EW BrightSparks is an annual programme to celebrate the best young engineering talent in the United Kingdom. 30 engineers under the age of 30 are selected each year from the nominations and are presented with their awards at a ceremony in London.
When the programme started, back in 2017, the initial cohort of winners included just 2 females, Chelsea Back (AB Open) and Saloni Chhabra (Cadence Design Systems).
This low number representative of a much wider issue within the industry, where only 9% of the engineering workforce in the UK was made up of females in 2017. In addition to this, just 15.1% of engineering undergraduates in the UK were women in 2017, far below India where that figure exceeds 30%.
However almost two years later, we are starting to see encouraging signs that the momentum is starting to build and more females are embarking on careers within engineering.
The EW BrightSparks 2018 cohort included 7 inspiring young women, almost a quarter of the total winners. This was also supported by the Women's Engineering Society report showing that the female engineering percentage of the national workforce has increased to 11% during that period. And whilst that is still a long way from achieving an equal gender balance, it is certainly a step in the right direction.
Among the accomplishments of these women who were part of the EW BrightSparks programme is amazing work such as growing eyes from stem cells for blindness at Great Ormond Street Hospital and designing The StairSteady – an aid to enable people with limited mobility to use their stairs confidently and safely.
We sat down with them following the awards ceremony to discuss Women in Engineering and how they are helping to change perceptions.
You can listen to their views below:
Ruth Amos (Kids Invent Stuff) - "There is still a way to go, but at least we're all going in the right direction. If I look back ten years, when I first started out in engineering, compared to where we are now I can definitely see a shift and I just hope that it continues."
Rachel Rui Wong (Ph.D. Student, UCL) - "Children get influenced by things like YouTube and when they watch YouTube they will usually see things like women vlogging about beauty or something. But just because they like that doesn't mean that they have to give up on engineering. You can combine both and show young girls that as a woman you can like multiple and different things."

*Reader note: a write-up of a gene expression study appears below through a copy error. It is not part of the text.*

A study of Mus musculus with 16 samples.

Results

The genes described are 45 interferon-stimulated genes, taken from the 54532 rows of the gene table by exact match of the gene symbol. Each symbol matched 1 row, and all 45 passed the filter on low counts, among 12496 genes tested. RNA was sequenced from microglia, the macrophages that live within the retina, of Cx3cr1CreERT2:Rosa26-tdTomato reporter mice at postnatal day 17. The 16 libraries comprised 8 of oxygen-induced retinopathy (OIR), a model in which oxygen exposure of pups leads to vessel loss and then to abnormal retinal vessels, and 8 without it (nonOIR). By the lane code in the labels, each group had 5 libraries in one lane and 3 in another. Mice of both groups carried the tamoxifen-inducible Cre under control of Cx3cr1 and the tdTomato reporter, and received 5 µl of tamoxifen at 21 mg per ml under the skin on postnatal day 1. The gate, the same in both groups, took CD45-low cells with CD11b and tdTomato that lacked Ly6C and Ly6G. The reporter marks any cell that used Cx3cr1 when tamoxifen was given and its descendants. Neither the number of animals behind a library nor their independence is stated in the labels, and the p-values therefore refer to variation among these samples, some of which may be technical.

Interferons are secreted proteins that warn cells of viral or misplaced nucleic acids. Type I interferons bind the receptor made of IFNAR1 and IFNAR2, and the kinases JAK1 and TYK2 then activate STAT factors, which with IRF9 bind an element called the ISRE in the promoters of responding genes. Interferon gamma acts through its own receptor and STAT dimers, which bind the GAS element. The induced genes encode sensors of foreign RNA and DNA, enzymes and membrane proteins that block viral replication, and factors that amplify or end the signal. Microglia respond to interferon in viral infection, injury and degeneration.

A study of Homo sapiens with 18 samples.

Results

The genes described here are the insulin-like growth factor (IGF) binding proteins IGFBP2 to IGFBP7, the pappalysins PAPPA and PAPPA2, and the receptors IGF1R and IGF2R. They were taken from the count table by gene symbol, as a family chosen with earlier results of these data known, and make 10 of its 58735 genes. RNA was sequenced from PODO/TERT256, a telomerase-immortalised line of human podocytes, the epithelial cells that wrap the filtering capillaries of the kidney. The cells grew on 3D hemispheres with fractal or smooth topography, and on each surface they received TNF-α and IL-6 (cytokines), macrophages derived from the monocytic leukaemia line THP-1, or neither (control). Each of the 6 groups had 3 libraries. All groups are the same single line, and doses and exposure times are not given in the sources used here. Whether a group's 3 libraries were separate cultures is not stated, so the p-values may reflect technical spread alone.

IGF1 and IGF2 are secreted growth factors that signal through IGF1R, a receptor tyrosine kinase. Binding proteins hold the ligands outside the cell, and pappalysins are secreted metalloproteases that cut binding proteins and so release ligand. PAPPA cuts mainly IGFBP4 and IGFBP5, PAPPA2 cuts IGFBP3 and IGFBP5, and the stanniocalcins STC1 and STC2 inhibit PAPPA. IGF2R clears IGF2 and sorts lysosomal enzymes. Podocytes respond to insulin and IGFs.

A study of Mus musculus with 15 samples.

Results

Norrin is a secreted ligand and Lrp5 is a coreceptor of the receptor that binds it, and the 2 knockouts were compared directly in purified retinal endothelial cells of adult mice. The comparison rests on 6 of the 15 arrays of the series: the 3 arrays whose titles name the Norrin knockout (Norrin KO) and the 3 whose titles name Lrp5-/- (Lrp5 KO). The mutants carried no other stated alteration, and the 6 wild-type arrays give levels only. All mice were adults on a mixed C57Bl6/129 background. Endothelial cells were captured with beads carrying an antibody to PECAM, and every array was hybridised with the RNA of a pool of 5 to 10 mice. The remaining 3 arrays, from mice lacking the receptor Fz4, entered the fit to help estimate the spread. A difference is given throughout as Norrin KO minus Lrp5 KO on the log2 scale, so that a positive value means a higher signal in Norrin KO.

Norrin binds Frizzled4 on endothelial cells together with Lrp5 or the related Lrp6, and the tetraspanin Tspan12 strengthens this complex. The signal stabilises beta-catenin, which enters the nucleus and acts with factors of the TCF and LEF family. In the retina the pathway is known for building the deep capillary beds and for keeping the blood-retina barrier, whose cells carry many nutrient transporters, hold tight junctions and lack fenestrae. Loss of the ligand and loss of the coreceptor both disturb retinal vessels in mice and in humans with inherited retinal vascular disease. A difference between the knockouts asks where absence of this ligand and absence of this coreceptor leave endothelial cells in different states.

Melissa Berthelot (Ph.D. Student, Imperial College) - "I think that peer-to-peer conversations are crucial, as that is how we come up with solutions. Whatever you see with your imagination, you can make it happen. Anyone can do it, I've done it."
Yi Chen Hock (Student of Electronics) - "Don't even mention that guys should do a certain role and girls should do another role. We need to get to a point where people don't even think about it and are choosing science or technical classes because they enjoy it.
"If you end up in a class that is full of guys, like I am the only girl in my electronics class, then you should be encouraged to not be intimidated by it because as long as everyone is enjoying their subject it doesn't matter what gender they are."
Nicole Weckman (Research Associate, The University of Cambridge) - "I think it's important to have role models, who are very visible as women in engineering. This allows the external community to see these wonderful women who are doing engineering and show that they are there and doing a great job. They are engineers."
"Have fun with it, look for something that drives you and you can be passionate about. Engineering has just a range of studies so don't be pigeonholed into thinking that it is one thing or you might not like it. Just try it and see what you like, find what inspires you and makes you want to keep going in this profession."
Oshi Deb (Engineer, Rolls Royce) - "It was great to have a round table discussion with our fellow female engineers. It was very interesting to know each others views, perspectives on engineering and how we all found our career paths."